This has been a terrible week for anyone who wants to see a crisp, well-run U.S. government. First, Senate Majority Leader Harry Reid (D-Nev.) opted to make only minimal changes to the filibuster, which will allow a minority of senators to continue to block any legislation they may wish to. And a court ruling on Friday threw into doubt the ability of the president to get around bottlenecks in the Senate to get his nominees into office.

A three-judge panel on the U.S. Court of Appeals for the D.C. Circuit ruled that President Obama's "recess appointments" of members to the National Labor Relations Board last year exceeded his constitutional authority. The constitution allows the president to appoint senior officials without Senate confirmation when the Senate is in recess. ("The President shall have Power to fill up all Vacancies that may happen during the Recess of the Senate," says Article II, "by granting Commissions which shall expire at the End of their next Session".)

Presidents use this power sparingly, as it tends to inflame tensions with the Senate. But it is a key way for presidents to get their nominees into position when faced with an obstructionist Senate. It is even more important for the implied threat to the lawmakers: Confirm my nominees, the president can say, or I'll appoint them during your recess and freeze the Senate out of the process entirely.

Senate Republicans were blocking consideration of Obama's nominees to agencies whose work they generally dislike, namely the NLRB and the Consumer Financial Protection Bureau created by the Dodd-Frank Act. Nothing personal about the individual nominees themselves; the lawmakers just didn't want to staff the NLRB and CFPB at all. Eventually fed up, Obama appointed new NLRB board members and Richard Cordray as director of the CFPB during the Senate's holiday recess last winter.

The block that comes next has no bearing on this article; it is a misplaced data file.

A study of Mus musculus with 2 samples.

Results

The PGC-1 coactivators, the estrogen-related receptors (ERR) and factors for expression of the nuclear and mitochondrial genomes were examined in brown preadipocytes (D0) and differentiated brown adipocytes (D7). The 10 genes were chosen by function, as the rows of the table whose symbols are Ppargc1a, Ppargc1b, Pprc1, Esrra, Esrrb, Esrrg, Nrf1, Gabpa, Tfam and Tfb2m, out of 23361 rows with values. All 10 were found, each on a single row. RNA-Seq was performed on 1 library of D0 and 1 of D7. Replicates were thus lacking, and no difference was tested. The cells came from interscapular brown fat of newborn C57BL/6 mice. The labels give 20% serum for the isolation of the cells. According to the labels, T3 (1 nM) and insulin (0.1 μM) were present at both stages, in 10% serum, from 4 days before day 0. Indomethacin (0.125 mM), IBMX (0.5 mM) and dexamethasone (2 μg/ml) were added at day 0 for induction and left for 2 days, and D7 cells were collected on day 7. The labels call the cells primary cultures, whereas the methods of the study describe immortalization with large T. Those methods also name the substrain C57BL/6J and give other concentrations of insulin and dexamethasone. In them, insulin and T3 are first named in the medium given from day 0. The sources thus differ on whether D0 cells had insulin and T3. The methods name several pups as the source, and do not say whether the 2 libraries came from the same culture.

The Senate, though, was holding "pro forma" sessions every few days, gaveling in and then out so that it could claim to not be in recess at all. The appeals court ruled Friday that the gaveling counted as being in session, meaning the recess appointments weren't valid.

The decision will surely be appealed, but if it is upheld, it would essentially make the constitutional provision for "recess appointments" invalid -- the Senate could always use the pro forma sessions to prevent a president from making such appointments. If that happens, Obama and future presidents will have less leverage in trying to force the Senate to consider nominees.

The recess appointment may have only been used as a last resort, but it was part of the president's arsenal in getting the Senate to act. And it isn't a partisan issue. President George W. Bush used recess appointments a handful of times, including to install John Bolton as ambassador to the United Nations over strenuous Democratic objections. Under the legal principle described in the court ruling, presidents of either party will not be able to use that method to push through their nominees.

If the court ruling stands, one of the key tools that presidents have long though sparingly used to run the country -- this one spelled out in the Constitution itself! -- could become useless.